NCQA does not evaluate coding accuracy and quality. Element D, Verifying Accuracy requires an organization to have a process to evaluate the accuracy of its measure results. The organization may use external auditors to verify its methodology, but is not required to do so. In the future, NCQA may develop standards for auditing physician measurement and a program for certifying auditors. With such standards, NCQA will consider making external audit a requirement.
Here are some of the most frequently asked questions about NCQA’s various programs. If you don’t see what you are looking for in one of the entries below, you can ask a question through My NCQA.
11.17.2008 Coding accuracy Is evaluation of coding accuracy and quality considered to be in scope for these measures?
11.17.2008 Measure specifications Expand on the minimum denominator criteria for quality measures. Do you mean minimum observations per measure? Or minimum observations per provider? Or is that already in the requirements?
In measuring physician performance and distinguishing among peers, the organization is required to specify minimum observations or denominators for each measure on which the action is based. Denominators are patient observations, which may include multiple observations for an individual.
Criteria must be defined at the level on which action will be taken.
Note: This applies if the organization uses minimum observations rather than confidence intervals or measure reliability.
11.17.2008 Surveyors for PHQ certification What organizations will conduct surveys now or in the future? Only NCQA or, for example, would Licensed HEDIS Audit Organizations conduct them?
11.17.2008 Survey Pricing If we go through provisional certification and are then required to go through full certification within 12 months, does our organization get a reduced price?
No. Survey prices apply to each discrete survey; NCQA does not apply credit forward to a future survey. Survey pricing reflects the amount and level of resources NCQA dedicates to evaluating an organization and at the time of the Full Certification Survey, NCQA must re-evaluate the organization on all requirements.
11.17.2008 Working with hospitals on reporting For PHQ 2, Element E, are plans required to share results, explain how they are used and get feedback from hospitals ONLY if they report the results in a format different from the primary data source. Is this NA if we only provide links to the data?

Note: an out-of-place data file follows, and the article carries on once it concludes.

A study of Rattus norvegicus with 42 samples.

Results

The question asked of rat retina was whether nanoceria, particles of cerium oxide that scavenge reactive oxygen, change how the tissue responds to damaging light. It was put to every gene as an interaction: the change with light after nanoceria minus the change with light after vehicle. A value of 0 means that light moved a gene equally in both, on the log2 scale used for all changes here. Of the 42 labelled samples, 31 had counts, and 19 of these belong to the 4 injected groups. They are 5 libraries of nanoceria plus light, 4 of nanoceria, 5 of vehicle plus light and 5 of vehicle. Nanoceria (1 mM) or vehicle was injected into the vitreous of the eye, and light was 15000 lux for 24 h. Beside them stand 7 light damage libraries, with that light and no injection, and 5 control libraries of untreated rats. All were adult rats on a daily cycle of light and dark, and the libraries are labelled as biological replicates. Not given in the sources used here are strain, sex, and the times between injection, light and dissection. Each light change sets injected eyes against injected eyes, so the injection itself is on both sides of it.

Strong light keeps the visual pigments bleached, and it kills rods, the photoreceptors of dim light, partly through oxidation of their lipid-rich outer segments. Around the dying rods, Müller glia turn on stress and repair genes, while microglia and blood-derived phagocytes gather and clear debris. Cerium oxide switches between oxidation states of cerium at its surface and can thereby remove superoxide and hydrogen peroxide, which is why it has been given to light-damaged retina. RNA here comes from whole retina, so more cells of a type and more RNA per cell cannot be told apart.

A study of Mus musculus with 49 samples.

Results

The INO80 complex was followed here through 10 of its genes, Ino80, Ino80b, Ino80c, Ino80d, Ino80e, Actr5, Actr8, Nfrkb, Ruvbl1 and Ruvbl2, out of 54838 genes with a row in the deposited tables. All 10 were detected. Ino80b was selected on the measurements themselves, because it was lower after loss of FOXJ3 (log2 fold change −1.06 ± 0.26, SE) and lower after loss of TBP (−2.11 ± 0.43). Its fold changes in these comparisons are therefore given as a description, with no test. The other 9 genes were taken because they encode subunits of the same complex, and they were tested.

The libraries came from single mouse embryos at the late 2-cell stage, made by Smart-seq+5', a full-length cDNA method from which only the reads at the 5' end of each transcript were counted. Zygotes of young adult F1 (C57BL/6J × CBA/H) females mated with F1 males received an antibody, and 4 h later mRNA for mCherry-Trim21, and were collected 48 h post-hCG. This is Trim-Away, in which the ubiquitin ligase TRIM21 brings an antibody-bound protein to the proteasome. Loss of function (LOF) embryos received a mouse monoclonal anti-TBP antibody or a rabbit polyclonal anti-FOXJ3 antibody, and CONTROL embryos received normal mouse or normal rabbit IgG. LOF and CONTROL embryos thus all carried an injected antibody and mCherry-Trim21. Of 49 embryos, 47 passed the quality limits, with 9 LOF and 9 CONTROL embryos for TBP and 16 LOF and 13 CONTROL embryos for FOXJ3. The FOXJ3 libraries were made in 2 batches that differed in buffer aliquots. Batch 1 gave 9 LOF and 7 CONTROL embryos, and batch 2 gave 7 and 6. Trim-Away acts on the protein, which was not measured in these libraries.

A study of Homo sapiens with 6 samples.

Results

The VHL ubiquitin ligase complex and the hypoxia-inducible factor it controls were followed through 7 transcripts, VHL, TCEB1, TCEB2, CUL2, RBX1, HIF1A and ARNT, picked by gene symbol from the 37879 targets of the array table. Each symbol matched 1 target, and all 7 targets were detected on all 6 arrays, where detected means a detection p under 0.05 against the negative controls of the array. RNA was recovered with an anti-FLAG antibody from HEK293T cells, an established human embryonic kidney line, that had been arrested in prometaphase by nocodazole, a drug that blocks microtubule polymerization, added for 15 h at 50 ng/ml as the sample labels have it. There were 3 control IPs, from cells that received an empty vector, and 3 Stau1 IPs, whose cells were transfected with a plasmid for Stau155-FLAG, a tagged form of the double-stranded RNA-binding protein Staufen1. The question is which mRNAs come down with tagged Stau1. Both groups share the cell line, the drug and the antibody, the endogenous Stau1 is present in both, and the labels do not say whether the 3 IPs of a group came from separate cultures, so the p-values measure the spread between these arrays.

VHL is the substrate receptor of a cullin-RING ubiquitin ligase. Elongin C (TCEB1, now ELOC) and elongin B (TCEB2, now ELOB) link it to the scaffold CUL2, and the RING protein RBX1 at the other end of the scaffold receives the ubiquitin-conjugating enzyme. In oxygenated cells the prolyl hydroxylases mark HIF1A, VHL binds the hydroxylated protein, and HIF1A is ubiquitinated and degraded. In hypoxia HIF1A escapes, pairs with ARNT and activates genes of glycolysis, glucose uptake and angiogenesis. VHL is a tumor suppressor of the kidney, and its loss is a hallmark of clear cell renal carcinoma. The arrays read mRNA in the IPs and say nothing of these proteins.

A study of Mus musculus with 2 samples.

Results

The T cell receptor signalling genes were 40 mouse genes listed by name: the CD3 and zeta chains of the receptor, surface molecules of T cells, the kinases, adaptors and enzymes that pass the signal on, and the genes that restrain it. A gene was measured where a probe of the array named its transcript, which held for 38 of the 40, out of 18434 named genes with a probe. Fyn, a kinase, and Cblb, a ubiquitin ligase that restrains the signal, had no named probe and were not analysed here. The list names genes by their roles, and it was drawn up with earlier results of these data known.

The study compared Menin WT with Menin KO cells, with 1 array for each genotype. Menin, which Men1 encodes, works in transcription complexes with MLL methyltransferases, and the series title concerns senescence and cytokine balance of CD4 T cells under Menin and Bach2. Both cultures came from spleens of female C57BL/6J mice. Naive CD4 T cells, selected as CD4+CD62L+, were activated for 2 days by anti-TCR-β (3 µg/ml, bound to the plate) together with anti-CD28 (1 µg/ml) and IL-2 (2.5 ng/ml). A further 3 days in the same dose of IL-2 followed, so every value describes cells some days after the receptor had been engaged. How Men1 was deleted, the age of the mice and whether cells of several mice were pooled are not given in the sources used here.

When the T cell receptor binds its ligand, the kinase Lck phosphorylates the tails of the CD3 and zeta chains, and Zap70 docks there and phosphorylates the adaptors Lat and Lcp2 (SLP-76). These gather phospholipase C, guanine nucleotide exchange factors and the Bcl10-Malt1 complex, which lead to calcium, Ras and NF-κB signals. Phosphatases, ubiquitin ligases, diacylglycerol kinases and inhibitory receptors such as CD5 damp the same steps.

11.17.2008 Use of rental networks and hospital quality For PHQ 2, Element E, if we "rent" our national hospital network and do not contract directly, may we share hospital results with the entity we rent from, rather than the individual hospitals?
Each hospital must receive results. Either the organization must provide results to each hospital or it may have a written agreement with the national network stating that it will provide results to hospitals. If the national network provides results to each hospital, it must provide documentation (e.g., reports, materials) to the organization that it has met the requirements.
11.17.2008 Pay for Performance The draft program did not pertain to pay-for-performance programs, whose goal is QI at the practice, not public disclosure. Why was this added to "taking action?"
In the draft standards released for Public Comment in March 2008, NCQA included pay-for-performance but did not use that specific term; instead, we referred to payment strategies. Specifically, NCQA defined the Scope of Review for the majority of elements in PHQ 1 as: NCQA evaluates all measures the organization uses for measuring physician performance for the purpose of taking action.
In the Explanation, NCQA defined taking action as follows.
Publicly reporting physician performance on quality or cost or resource use
Using physician performance on quality or cost or resource use measures as a basis for network design (such as tiering), benefit design or payment strategies
NCQA defined payment strategies in Element M, Using Measure Results as follows.
The organization uses reimbursement to provide incentives for improvement among its physicians, practice sites or medical groups, or uses payment to reward performance.
In the final standards, NCQA used the term pay-for-performance and specifically narrowed the scope of programs included.
11.17.2008 Methodology for evaluation of cost measures What constitutes an acceptable methodological approach to evaluation of cost?
NCQA does not prescribe the cost measures an organization selects, though it requires an organization to specify all aspects of its methodology (Element C). In addition, the organization must risk-adjust its measures (Element C, factor 8) and must meet the minimum statistical requirements for measurement error and measure reliability (Element H, factor 2).
11.17.2008 Acceptance of HIP 6 for Autocredit of PHQ 2 Will NCQA accept HIP 6 for autocredit for PHQ 2008?
11.17.2008 Handling complaints For the file review component in PHQ 1 (re: member complaints), is there review of a minimum number of files? In other words, we do not anticipate a large number of this type of complaint.
There is no minimum requirement. If the total number of files is fewer than the requested 40 files, NCQA reviews the entire file universe. For file review elements, NCQA follows its 8/30 methodology. Refer to An Explanation of the 8 and 30 File Sampling Procedure on the NCQA Web site at www.ncqa.org/tabid/125/Default.aspx.